Waunakee superintendent Randy Guttenberg gave a first-day-of-school report at the board of education’s Sept. 8 meeting, sharing his observation of virtual instruction throughout the district.
“It’s a very different start to the school year,” Guttenberg said, “in that there’s not buildings full of children. But what I saw was many teachers very actively engaged in meetings with their students, engaged with remote learning and following through with the pieces that they’ve put forth.”
Grades 7-12 began with a soft start the week of Sept. 1, followed by grades K-6 seven days later. All but K-2 have begun the year with virtual instruction, due to public health orders.
Guttenberg told board members he had visited each of the schools to observe that process.
“It was interesting,” Guttenberg said, “being able to get into a few classrooms that were teaching virtually and just seeing how they were set up. That was quite impressive, to see our staff and how they’ve devised their classrooms to deliver their online curriculum.”
The delivery model has brought its challenges, however. Some have encountered glitches with videoconferencing software, while others report problems logging into their Google accounts.
Guttenberg said the district has been working to address those issues.
“Obviously we have a lot of technology pieces that are moving with the start of the school year,” Guttenberg said. “But overall, with all the tech-heavy work that has gone into this, I think things have gone fairly well.”
At the K-2 level, Guttenberg estimated that only a third of students had opted for virtual learning. The other two thirds have begun the school year with hybrid instruction.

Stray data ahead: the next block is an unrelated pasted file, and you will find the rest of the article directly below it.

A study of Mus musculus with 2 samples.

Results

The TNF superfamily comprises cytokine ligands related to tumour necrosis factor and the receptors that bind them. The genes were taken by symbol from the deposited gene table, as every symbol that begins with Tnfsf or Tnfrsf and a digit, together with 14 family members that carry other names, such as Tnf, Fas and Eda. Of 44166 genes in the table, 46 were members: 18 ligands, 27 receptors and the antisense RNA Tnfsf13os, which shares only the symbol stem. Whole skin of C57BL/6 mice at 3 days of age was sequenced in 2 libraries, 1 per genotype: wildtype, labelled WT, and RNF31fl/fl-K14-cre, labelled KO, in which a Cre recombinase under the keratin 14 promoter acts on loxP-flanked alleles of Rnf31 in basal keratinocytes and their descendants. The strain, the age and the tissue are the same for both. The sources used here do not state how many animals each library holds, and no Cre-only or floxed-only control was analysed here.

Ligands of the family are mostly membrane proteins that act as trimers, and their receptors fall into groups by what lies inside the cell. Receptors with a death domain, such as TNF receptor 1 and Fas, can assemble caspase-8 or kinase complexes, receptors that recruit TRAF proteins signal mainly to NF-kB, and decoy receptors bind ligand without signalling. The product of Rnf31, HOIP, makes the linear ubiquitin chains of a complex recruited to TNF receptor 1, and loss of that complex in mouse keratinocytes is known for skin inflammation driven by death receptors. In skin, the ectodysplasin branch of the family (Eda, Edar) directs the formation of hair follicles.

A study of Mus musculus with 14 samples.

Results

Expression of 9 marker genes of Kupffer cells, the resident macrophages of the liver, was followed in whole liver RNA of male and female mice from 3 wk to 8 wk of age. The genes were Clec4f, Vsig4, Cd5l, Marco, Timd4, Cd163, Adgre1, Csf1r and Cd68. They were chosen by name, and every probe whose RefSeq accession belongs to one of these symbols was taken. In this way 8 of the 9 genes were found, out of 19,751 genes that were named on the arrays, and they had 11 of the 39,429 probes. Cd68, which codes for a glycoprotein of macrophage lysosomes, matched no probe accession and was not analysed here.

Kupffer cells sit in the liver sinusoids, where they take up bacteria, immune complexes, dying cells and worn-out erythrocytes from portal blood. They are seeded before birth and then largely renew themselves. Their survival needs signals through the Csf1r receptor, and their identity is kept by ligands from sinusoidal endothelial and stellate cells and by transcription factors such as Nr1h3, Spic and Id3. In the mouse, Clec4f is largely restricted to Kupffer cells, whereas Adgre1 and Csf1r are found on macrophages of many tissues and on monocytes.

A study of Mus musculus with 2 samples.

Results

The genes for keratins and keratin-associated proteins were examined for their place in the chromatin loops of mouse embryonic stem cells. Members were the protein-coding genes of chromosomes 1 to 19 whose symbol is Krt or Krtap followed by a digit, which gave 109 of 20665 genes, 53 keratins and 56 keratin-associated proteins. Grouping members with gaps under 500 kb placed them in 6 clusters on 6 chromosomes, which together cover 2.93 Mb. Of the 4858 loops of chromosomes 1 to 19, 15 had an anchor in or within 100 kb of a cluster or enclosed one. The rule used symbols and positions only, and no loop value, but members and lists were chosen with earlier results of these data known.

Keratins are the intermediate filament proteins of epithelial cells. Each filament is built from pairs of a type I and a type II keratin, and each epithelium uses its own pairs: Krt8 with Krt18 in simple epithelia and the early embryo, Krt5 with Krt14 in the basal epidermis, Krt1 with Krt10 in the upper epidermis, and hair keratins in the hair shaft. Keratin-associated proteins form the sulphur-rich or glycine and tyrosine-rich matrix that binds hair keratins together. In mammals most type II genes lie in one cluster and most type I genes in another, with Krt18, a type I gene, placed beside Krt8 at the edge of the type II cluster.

Exact numbers should become clearer as the month progresses.
“From an elementary perspective,” Guttenberg said, “it was great to be in a building where you had some kids…interacting with some of our staff. I think that it was a successful start to the school year in that respect.”
Transportation was observed by members of administration as well as the school board, with vice president Mike Brandt chaperoning one of the buses en route to school.
While ridership was low, Brandt said the ride went smoothly.
“I haven’t ridden a school bus in 30 years,” Brandt said. “But it’s the first day of school for a lot of those kids, and I think everybody did really well. Mr. Marty did great with them on the route I was on. So I was really impressed by everything.”
Guttenberg acknowledged miscommunication between the district and some parents requesting busing, adding that administrators would work with Lamers to accommodate those requests.
Participation in the meal program was similarly low, said director of operations Steve Summers.
“The interest was lower than we had expected,” Summers said. “So we’re going to have to work on that a little bit. It’s a bit challenging because we’re asking our youngest students, first thing in the morning, if they are wanting a meal to take home with them (nearly three hours later).”
Guttenberg said the district would be reviewing its communication to parents about the meal program, to ensure that they understand the way in which it works.
On a positive note, Guttenberg said the family-meal program has been “hugely successful.”
Following the school board’s Sept. 8 meeting, the Waunakee Teachers Association (WTA) released its own statement regarding the start of the school year.
“The WTA is pleased to report that the first week of the 2020-21 school year with students went relatively smoothly; many educators experienced good attendance from students, few technological hiccups, and a general adherence by students to the new safety and social distancing protocols the district has put in place,” the statement reads.
Also at the Sept. 8 meeting, the school board:
- Approved out-of-county travel for athletes competing in WIAA tournament competition.
- Passed a resolution of support for its ad-hoc committee on equity and inclusion.